Open source electronics is enabling people to realise their designs quickly. Designers and hobbyists are turning their ideas into reality through digital manufacturing. The power of product development today is not only with the major corporations but is trickling down to individual designers and entrepreneurs. As a matter of fact, semiconductor multinationals are gradually investing significant time and energy on this do-it-yourself (DIY) community. The availability of low-cost manufacturing tools and low-cost distribution on the Internet sites are levelling the playing field. So let’s explore the driving factors for people ranging from hobbyists, DIYers, specialists/experts, professionals and even academicians to create and build open source systems.

3D printer in action
3D printer in action

It is all about making and sharing
“Open source electronics is electronics designed with the spirit similar to open source software. When more eyes look at open source electronics, any possible defect will be identified quickly and, more important, new ideas to utilise the same hardware for different applications will emerge,” says Dhaval Vasa, solution architect, eInfochips.

With open source electronics, everything is to be released publicly. “I have been working on open source electronics for past many years and for me it is something non-proprietary—all documentation is made available, be it schematics or PCB layout,” says Varun Sivaram, CEO and founder, Technigriti Systems Pvt Ltd. He adds, “Arduino, for instance, releases everything including the Eagle CAD file. Anyone can modify it and build stuff.”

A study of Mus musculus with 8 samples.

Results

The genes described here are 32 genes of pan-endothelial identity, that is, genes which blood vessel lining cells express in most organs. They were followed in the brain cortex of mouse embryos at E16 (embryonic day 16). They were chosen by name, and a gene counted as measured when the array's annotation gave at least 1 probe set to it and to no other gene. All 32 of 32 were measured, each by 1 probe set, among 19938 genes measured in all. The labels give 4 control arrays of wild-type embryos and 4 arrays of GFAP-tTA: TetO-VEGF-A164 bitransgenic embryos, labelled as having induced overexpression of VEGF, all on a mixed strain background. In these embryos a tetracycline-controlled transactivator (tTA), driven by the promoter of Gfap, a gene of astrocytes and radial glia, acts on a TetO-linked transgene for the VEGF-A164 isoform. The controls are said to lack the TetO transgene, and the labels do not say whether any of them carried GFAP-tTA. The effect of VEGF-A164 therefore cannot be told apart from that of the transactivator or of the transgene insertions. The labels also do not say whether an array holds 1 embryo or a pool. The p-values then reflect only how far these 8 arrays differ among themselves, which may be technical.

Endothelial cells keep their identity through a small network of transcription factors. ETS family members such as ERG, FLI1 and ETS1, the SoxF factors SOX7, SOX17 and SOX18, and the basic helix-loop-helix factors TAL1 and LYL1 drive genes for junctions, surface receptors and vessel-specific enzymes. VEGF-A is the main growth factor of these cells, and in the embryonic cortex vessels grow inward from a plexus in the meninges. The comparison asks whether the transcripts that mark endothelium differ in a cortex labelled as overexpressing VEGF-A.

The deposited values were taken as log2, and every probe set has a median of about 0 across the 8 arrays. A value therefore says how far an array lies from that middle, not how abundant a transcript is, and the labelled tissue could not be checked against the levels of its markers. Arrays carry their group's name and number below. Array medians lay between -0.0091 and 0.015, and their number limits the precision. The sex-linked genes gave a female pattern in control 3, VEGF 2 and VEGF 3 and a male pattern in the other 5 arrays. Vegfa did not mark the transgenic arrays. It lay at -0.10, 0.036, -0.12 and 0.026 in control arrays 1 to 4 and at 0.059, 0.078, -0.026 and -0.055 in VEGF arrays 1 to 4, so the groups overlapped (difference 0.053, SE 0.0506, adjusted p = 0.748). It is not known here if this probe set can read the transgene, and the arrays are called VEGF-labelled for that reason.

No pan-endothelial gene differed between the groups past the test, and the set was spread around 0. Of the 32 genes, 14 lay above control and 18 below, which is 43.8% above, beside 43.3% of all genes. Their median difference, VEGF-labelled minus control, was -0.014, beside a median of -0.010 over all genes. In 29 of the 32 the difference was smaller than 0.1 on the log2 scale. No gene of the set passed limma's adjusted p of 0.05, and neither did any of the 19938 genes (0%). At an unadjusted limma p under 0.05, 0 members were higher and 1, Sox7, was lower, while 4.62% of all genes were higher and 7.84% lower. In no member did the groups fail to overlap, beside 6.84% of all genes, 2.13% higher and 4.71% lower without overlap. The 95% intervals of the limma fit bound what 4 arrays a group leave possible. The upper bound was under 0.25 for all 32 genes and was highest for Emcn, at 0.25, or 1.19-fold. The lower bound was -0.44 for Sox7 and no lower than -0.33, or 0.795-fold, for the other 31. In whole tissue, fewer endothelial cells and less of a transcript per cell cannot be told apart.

In India, the kind of development happening in the field is at an elementary stage, but there is a constant rise in the number of people exploring open source hardware. Kuber shares, “In 2009-10, when I started exploring open source hardware, there were not many people who had heard of such a concept. The norm was you just pay for a course, learn 8051 and get back to make a summer project.” Today, everyone is buying and building their own robotics project. People are widely adopting open source hardware. She adds, “In every technical session or robotics competition, there is at least one thing made using an Arduino hardware.”

There are many people, especially those with software background, stepping up and creating open source products. Sivaram says, “But one thing I have noticed is, sometimes people try to achieve too many things in one project.”

What’s driving open source
An open source project is released publicly, with design files available online for download with a defined sharing licence which allows designers to replicate, hack, improve, modify and contribute to the project. Of course, there are some factors driving hobbyists, electronic enthusiasts and even professional designers to replicate, improve and build stuff. Let’s find out what’s motivating them to do so.